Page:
The United States has laws on the books to make sure employees work in safe conditions, get paid what they are due, and have the right to join a union if they choose. But these laws are often ignored – and even very serious violations go unpunished and uncorrected. Workers suffer as a result. For example, surveys show that more than a quarter of all low-wage workers in the largest U.S. cities are paid less than the legally mandated minimum wage; and many put in overtime without pay. American workers die on the job more often than in most other developed nations. And employers routinely threaten union activists and supporters.

What explains the prevalence of unchecked workplace abuses in America – and what can be done to improve labor law enforcement?

Too Few Inspectors – Working for Too Many Agencies

To do a good job at enforcing labor laws, a nation needs well-trained officials who can regularly visit workplaces. But the United States does not fund enough inspectors – and existing officials work at cross-purposes.

  • Not enough funding. At the end of the Bush administration, America had only 2,100 inspectors to work on behalf of 156 million employees. Each U.S. inspector was responsible for ensuring proper working conditions for 74,000 workers – a load far too big to do the job right. By contrast, France deployed one inspector for every 20,000 workers, and Germany deployed one for every 10,500 workers. Even countries like Brazil, Morocco, and Russia field more inspectors per worker than the United States.
  • Divided, inefficient efforts. Responsibilities for enforcing labor laws are divided and scattered across a huge array of agencies. At the national level, inspectors go out from different parts of the U.S. Department of Labor – from the Wage and Hour Division; the Office of Federal Contract Compliance Programs; the Office of Labor-Management Standards; the Office of Workers’ Compensation; the Occupational Safety and Health Administration; the Mine Safety and Health Administration; and Employee Benefits Security Administration. Add to those agencies the Immigration and Customs Enforcement division of the Department of Homeland Security; the Labor Relations Board; the Equal Employment Opportunities Commission; and a host of state and local authorities. Each kind of inspector is responsible for just a small part of the whole effort. Given the shortage of inspectors and the high cost of getting to an inspector to an enterprise, piecemeal efforts make impossible to do an adequate job.

Lawbreaking Firms are Often Multiple Offenders

If different kinds of violations happened in different firms, it might make sense, for example, to send wage and hours inspectors to some workplaces and safety officials to others. But research shows that firms and plants that violate one standard are likely to fall short in other areas, too. Sweatshops often cheat on wages, and they also employ children and undocumented workers in unsanitary conditions. Similarly, a lot of industrial accidents happen in firms with contingent laborers, because such workers lack the skill and experience to operate equipment correctly.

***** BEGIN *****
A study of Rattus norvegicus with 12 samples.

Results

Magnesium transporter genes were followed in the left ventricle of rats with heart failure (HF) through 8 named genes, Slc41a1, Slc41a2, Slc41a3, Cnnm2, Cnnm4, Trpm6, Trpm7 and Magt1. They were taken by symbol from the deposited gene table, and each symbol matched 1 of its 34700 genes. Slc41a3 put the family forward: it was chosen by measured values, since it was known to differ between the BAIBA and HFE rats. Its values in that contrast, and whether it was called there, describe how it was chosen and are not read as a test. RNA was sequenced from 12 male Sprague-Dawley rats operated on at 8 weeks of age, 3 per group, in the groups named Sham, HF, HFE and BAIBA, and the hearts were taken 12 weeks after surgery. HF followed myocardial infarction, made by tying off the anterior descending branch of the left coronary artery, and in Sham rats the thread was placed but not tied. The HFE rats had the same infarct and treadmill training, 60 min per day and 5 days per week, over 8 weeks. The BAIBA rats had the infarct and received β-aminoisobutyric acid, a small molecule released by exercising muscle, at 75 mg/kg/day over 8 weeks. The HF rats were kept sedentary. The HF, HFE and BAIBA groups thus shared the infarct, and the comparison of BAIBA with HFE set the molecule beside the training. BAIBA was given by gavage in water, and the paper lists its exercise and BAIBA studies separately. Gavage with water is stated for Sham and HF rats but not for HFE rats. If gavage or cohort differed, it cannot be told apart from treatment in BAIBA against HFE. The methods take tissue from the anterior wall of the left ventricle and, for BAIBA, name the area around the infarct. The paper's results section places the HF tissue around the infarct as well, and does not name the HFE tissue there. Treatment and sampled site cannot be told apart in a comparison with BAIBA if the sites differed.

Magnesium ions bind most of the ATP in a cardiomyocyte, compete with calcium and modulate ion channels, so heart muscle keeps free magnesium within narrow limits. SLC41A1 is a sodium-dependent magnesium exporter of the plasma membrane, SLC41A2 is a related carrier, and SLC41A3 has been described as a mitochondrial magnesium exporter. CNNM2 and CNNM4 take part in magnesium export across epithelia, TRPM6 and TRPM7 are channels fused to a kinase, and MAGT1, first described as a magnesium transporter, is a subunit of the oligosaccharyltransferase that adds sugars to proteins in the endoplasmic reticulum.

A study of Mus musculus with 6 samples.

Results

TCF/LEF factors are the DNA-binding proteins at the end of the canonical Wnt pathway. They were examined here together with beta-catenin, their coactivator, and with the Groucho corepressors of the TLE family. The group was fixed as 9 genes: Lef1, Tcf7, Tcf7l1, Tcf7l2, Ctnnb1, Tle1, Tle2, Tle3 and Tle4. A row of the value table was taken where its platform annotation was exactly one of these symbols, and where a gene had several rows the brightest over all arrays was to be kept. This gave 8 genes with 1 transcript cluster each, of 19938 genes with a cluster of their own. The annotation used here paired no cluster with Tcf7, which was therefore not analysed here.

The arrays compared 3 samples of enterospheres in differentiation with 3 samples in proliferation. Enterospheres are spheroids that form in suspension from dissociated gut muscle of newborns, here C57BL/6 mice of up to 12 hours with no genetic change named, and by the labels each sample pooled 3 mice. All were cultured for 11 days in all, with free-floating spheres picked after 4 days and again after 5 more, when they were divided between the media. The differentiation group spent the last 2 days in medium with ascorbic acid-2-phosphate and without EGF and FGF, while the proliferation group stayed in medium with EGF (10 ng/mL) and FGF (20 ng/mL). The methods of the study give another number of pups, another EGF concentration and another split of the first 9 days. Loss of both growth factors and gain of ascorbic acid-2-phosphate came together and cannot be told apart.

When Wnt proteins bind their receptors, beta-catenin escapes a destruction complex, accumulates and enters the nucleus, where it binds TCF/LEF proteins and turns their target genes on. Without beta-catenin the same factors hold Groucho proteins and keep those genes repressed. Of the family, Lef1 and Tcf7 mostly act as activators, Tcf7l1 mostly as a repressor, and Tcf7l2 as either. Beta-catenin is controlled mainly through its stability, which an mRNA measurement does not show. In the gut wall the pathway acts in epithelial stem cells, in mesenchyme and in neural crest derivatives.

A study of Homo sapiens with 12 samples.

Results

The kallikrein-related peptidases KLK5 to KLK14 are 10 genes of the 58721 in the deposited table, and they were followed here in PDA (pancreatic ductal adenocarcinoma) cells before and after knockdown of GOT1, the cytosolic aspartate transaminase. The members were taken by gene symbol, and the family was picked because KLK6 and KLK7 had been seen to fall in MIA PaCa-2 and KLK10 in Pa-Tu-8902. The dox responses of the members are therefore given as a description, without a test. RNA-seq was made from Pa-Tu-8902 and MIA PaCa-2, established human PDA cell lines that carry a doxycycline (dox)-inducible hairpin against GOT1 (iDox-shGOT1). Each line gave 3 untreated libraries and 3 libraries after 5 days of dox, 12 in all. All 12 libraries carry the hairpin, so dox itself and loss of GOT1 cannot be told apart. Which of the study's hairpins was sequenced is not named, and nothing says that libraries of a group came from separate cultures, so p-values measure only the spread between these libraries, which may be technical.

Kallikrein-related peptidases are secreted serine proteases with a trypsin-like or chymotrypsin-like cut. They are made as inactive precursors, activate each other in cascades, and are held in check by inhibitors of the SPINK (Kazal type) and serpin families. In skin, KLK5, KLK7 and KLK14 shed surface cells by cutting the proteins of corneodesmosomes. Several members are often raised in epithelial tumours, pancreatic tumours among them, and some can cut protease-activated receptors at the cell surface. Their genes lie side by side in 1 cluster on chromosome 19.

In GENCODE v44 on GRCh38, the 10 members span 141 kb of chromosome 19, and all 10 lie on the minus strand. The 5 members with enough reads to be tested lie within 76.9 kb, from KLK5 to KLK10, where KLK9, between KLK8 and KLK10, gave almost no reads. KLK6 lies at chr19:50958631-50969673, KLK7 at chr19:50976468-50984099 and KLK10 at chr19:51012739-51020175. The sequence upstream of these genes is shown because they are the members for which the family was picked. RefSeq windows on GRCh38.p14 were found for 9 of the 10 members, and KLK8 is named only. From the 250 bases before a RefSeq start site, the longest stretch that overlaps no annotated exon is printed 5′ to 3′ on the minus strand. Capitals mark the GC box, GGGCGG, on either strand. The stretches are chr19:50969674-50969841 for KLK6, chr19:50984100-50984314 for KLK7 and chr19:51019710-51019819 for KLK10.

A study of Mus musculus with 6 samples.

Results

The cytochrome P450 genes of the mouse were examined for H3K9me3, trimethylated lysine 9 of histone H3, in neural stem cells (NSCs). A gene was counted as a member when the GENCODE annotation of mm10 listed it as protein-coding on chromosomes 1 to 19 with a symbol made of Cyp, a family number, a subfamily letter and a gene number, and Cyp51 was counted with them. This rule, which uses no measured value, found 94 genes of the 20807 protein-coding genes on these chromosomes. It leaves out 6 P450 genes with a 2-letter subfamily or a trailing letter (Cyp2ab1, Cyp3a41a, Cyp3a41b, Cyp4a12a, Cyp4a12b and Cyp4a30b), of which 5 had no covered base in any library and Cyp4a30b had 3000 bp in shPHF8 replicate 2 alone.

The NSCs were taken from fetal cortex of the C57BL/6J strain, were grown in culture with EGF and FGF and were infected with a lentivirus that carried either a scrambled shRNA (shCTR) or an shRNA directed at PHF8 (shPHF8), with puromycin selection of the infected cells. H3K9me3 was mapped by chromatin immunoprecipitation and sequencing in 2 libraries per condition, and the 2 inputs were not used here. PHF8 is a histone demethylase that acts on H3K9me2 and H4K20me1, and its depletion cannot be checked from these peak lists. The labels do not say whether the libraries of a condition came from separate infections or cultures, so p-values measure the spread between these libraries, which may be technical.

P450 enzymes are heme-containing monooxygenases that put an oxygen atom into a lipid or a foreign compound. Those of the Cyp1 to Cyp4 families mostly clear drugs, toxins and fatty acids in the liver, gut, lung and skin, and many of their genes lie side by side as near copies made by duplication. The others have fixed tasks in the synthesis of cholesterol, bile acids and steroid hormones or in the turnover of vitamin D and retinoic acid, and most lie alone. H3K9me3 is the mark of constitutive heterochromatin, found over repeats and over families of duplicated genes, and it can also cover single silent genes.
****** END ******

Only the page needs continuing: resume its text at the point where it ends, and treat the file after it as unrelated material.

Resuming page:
Dividing enforcement responsibilities is therefore doubly self-defeating. Not only does it cost too much to get different inspectors to the same enterprises at different points in time; piecemeal inspections make it harder to see how problems are interrelated and correct the root causes. Other nations get better results from unified efforts. Labor inspection should move beyond checking off boxes on a dizzying array of forms to help everyone involved – employers, officials, and worker representatives – improve conditions overall.

The Obama Administration Has Improved Enforcement – but More Can be Done

Since taking office in 2009, President Obama’s Secretary of Labor Hilda Solis has recruited hundreds of new safety and wage and hours inspectors, including officials who speak more than one language. Officials have doubled the number of investigations of prevailing wage violations on public works projects; and they issued a record-breaking $87,430,000 in fines to British Petroleum for willful violations of safety and health laws and failure to meet the terms of a legal settlement following a huge refinery explosion in 2005. The Department of Labor has also developed a smart phone application that allows workers to calculate their anticipated wages – and thus notice if they are receiving less than they are due.

Building on this good start, additional steps are possible, ranging from quick fixes to longer-term reorganizations:

  • Officials can keep each regularly informed. For instance, inspectors from the Occupational Health and Safety Agency who notice possible violations of wage and hours standards would notify officials in the Wage and Hour Division – and vice versa.
  • Inspectors should be trained to notice various kinds of violations. Doing this in the future would save money and time, because a variety of kinds of problems could be addressed during each visit to an enterprise.
  • Joint task forces can be formed to deploy investigators promptly to high-risk workplaces. Dangerous violations can be more promptly corrected, and violators quickly sanctioned.

In due course, U.S. labor laws should be enforced through inspections run by a single agency – the way it works in many other countries. With a more effective cop on the beat, repeat violators of labor laws would have to change their ways. Employers who want to do the right thing would benefit from less piecemeal bureaucracy – and get the information and advice they need to put workplaces on the road toward fair and safe conditions for all employees.

Read more in Andrew Schrank, “A Second Regulatory Divide? Labor Inspection Regimes in Comparative Historical Perspective,” in Economy and Society: Essays in Honor of Michael J. Piore (MIT Press, 2012).